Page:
Currently, I have 12 disciples and Jesus living in my cranial attic, and they’ve been keeping me awake a lot recently. I know . . . you’re wondering why these particular characters are residing in my head. It’s because my husband and I are writing and directing an Easter play centered around the last Passover supper Jesus had with his disciples. We’re condensing Judas’ betrayal, the Seder meal, and part of the events at the Garden of Gethsemane into a thirty minute drama. And we’re trying to do it in a seamless fashion that won’t require blackouts between scenes. Not sure that’s going to work, though. Especially after the conversation Jesus and the disciples had with me.

We’d been working on the script for some time, but something wasn’t gelling to my satisfaction, and I couldn’t put my finger on it. But with the calendar eating the days, we didn’t want to wait any longer to get the script to the actors. So, we had a meeting with them a few Sundays back after church, and we gave them what we’d prepared.

Then the voices started mumbling. “We could do this, or this,” they said. “Maybe you should put some more props on the table.” “Are you sure the audience will make that leap with you?” they asked. “I think you missed something,” they whispered. While I twisted and turned in the bed, for four long hours, they kept nagging me.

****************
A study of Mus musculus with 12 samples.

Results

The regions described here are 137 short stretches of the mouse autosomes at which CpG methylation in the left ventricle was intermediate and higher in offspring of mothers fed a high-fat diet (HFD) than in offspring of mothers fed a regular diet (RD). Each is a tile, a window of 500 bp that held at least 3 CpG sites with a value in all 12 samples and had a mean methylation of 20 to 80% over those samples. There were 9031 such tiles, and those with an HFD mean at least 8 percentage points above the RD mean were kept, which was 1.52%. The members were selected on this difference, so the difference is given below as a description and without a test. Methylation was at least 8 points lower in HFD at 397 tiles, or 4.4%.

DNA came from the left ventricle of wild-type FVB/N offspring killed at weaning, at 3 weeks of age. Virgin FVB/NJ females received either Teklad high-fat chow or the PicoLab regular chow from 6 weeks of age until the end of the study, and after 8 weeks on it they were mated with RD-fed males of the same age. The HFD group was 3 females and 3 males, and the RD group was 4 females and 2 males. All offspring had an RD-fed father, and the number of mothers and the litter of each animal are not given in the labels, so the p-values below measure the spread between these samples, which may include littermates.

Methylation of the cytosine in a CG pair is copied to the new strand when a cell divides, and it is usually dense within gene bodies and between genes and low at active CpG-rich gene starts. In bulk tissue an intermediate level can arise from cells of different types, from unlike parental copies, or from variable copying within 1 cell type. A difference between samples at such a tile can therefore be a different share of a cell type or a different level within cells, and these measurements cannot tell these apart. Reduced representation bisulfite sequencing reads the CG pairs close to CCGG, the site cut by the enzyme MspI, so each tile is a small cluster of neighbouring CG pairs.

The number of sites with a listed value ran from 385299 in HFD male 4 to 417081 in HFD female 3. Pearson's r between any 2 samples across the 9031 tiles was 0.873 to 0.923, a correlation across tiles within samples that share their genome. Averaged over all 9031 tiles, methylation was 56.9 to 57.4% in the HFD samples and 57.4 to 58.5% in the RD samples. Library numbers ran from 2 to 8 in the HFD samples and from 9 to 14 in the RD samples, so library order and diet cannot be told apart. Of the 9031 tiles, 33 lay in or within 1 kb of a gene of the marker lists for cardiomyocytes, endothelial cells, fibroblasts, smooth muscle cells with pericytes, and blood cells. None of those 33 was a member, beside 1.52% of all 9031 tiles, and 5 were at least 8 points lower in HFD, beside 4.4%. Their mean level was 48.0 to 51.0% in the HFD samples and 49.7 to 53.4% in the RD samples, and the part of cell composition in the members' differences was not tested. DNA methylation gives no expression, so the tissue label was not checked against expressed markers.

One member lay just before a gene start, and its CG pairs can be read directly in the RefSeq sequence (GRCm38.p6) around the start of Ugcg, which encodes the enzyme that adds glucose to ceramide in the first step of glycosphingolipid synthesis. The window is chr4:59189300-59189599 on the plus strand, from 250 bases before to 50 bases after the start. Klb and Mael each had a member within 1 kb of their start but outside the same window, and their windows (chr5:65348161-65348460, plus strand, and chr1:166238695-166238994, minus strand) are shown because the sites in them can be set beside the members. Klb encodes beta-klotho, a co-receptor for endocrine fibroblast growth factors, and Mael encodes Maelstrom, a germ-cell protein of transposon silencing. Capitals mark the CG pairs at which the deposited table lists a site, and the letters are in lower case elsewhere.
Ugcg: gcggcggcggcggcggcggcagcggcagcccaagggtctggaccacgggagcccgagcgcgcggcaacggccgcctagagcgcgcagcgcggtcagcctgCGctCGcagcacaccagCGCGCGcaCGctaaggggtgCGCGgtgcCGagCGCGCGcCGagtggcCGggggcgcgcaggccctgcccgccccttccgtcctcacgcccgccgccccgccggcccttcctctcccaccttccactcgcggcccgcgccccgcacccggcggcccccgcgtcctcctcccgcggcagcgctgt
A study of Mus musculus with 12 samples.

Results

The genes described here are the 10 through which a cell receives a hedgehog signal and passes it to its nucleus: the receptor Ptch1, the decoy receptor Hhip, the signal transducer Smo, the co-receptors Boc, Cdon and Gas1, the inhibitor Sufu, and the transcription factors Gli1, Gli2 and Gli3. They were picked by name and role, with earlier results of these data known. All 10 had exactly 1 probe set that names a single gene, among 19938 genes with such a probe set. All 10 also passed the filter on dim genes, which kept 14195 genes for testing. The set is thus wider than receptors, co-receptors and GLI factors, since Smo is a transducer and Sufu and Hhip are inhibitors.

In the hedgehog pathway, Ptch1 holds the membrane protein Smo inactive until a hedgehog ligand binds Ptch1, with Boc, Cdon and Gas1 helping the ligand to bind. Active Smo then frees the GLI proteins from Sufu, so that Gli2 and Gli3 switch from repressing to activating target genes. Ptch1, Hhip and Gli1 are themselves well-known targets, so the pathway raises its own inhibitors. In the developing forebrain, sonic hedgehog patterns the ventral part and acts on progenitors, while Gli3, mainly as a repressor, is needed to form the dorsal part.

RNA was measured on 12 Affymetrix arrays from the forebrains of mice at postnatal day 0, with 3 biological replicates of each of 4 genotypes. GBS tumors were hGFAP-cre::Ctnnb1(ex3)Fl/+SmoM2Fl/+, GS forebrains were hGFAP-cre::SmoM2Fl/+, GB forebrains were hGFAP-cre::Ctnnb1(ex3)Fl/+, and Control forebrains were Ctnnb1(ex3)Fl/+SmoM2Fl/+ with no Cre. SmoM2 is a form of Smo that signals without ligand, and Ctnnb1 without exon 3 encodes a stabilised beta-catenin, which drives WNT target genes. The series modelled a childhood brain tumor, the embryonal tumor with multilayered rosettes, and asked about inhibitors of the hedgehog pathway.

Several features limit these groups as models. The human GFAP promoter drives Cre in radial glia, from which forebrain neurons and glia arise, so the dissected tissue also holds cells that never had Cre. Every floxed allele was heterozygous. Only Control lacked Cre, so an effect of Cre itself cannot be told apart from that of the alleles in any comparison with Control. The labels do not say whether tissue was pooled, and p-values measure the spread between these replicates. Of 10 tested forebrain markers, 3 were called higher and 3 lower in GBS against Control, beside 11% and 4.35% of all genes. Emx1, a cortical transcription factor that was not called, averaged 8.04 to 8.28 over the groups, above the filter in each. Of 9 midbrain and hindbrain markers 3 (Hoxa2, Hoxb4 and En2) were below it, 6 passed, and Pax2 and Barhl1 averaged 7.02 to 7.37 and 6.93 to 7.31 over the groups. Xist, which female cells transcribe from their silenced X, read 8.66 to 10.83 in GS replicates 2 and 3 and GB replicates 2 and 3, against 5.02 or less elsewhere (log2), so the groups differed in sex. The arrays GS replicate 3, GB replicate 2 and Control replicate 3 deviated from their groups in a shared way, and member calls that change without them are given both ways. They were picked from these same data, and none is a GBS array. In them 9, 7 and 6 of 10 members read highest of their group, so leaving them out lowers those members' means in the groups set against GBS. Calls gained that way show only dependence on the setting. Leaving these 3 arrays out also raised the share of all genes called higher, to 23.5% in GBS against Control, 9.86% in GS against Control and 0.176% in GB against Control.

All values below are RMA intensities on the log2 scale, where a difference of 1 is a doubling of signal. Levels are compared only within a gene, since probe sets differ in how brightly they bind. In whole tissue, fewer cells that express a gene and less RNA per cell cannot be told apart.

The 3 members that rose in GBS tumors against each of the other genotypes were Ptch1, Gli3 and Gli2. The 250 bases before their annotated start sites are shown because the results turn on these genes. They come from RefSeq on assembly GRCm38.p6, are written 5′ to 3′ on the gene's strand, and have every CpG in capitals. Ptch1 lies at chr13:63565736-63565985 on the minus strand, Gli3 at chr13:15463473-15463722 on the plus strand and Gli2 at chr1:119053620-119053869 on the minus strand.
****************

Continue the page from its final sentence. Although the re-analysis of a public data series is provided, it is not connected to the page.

I hate when you think something is complete only to discover it’s not. It’s really annoying, and those 13 characters in my head were not making things any better. When I finally came up with a solution they started celebrating. There was no sleeping after that.

So, at 4 a.m., on a Sunday night, I tried to sneak out of bed, without jiggling the mattress and disturb my husband, and get my ideas onto paper before they vanished. My feet hadn’t even hit the floor when he said in a very not-asleep-voice, “Are you awake?” Apparently, he’d been wrestling with the rehearsal schedule. So, we got up, put on our bathrobes, and sat at the kitchen bar counter working out the issues that had been bugging us. After about an hour, we had resolved our problems enough we could both go to sleep.

As a writer, I live with voices in my attic most of the time. And when they start poking at me, it’s hard to do anything except listen to them, get their thoughts on paper, and hope they’ll shut up long enough so I can get some rest. Because if they don’t insomnia will ruin my health and drive me nuts. And the Lord knows I’m ditzy enough. Just ask my husband and our best friends.

What about you? Where do your muses live and how do they annoy you?